Study Shows Increased Risk of Autism in Low Birth Weight or Preterm Babies
WebMD Health News
Reviewed by Louise Chang, MD

June 2, 2008 -- Low birth weight and preterm birth increase the risk of autism in infants by about twofold, but more so for girls than for boys, according to a new study.

The research bolsters the suspected link between autism, low birth weight, and prematurity.

"We saw this difference in risk between boys and girls," says Diana Schendel, PhD, lead health scientist at the National Center on Birth Defects and Developmental Disabilities at the CDC in Atlanta. The gender finding was unexpected, she says, especially since autism is much more common in boys. Schendel is a researcher of the study, published in Pediatrics.

When the 565 boys and girls with autism were looked at separately, the boys had less than a twofold increased risk of autism if they were born at low birth weight, but the low-birth-weight girls had a threefold or higher risk, found Schendel and her CDC colleague Tanya Karapurkar Bhasin, MPH.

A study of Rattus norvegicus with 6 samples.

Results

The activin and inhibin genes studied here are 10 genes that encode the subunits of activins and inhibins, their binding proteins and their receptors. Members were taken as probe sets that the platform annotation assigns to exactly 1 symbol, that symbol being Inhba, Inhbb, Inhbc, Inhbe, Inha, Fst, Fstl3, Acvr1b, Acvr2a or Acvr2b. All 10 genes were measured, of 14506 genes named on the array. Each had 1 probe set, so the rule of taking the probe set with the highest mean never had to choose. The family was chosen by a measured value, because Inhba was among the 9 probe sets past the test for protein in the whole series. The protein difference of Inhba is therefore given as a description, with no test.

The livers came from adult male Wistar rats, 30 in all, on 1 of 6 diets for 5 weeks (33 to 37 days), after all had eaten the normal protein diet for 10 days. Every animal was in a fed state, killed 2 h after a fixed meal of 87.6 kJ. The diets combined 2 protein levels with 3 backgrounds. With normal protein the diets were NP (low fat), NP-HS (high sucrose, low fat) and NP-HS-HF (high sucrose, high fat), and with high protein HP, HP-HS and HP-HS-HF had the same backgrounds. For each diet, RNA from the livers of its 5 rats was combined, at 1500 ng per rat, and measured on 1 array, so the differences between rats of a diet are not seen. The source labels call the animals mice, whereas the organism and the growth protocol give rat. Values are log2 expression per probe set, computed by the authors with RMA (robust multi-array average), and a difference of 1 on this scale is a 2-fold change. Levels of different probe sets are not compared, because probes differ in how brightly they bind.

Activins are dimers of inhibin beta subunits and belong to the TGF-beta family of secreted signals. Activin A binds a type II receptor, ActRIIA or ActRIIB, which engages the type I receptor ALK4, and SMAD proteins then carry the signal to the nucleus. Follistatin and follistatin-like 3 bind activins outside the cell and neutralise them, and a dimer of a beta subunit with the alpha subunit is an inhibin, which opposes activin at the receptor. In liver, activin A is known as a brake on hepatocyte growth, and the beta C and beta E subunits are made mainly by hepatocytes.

They also found that low birth weight (less than 5.5 pounds) and early preterm birth (less than 33 weeks' gestation) affected groups of children differently, depending on whether they had autism alone or autism and other developmental disabilities.

"There may be a lot of variation in the endpoint we call autism," Schendel tells WebMD. The study result, she says, "really is highlighting that we aren't looking for one cause of autism." The study builds on previous research, some of which has also found a link between low birth weight and autism.

"What is new in this study is the in-depth look at the gender effect," she says. The analyses of different groups classified by number and type of disability also add new information.

Study Details: Autism and Low Birth Weight

The researchers examined the records of 565 children with autism, born in Atlanta from 1986 to 1993, matching them to a control group of children. They looked at whether the children were born early, small, or both, and whether they had autism and other developmental problems.

The children with autism were further divided into three groups: those who had autism but no other developmental disabilities, those with autism who also had an intellectual disability, and those with autism and more than one other developmental disability.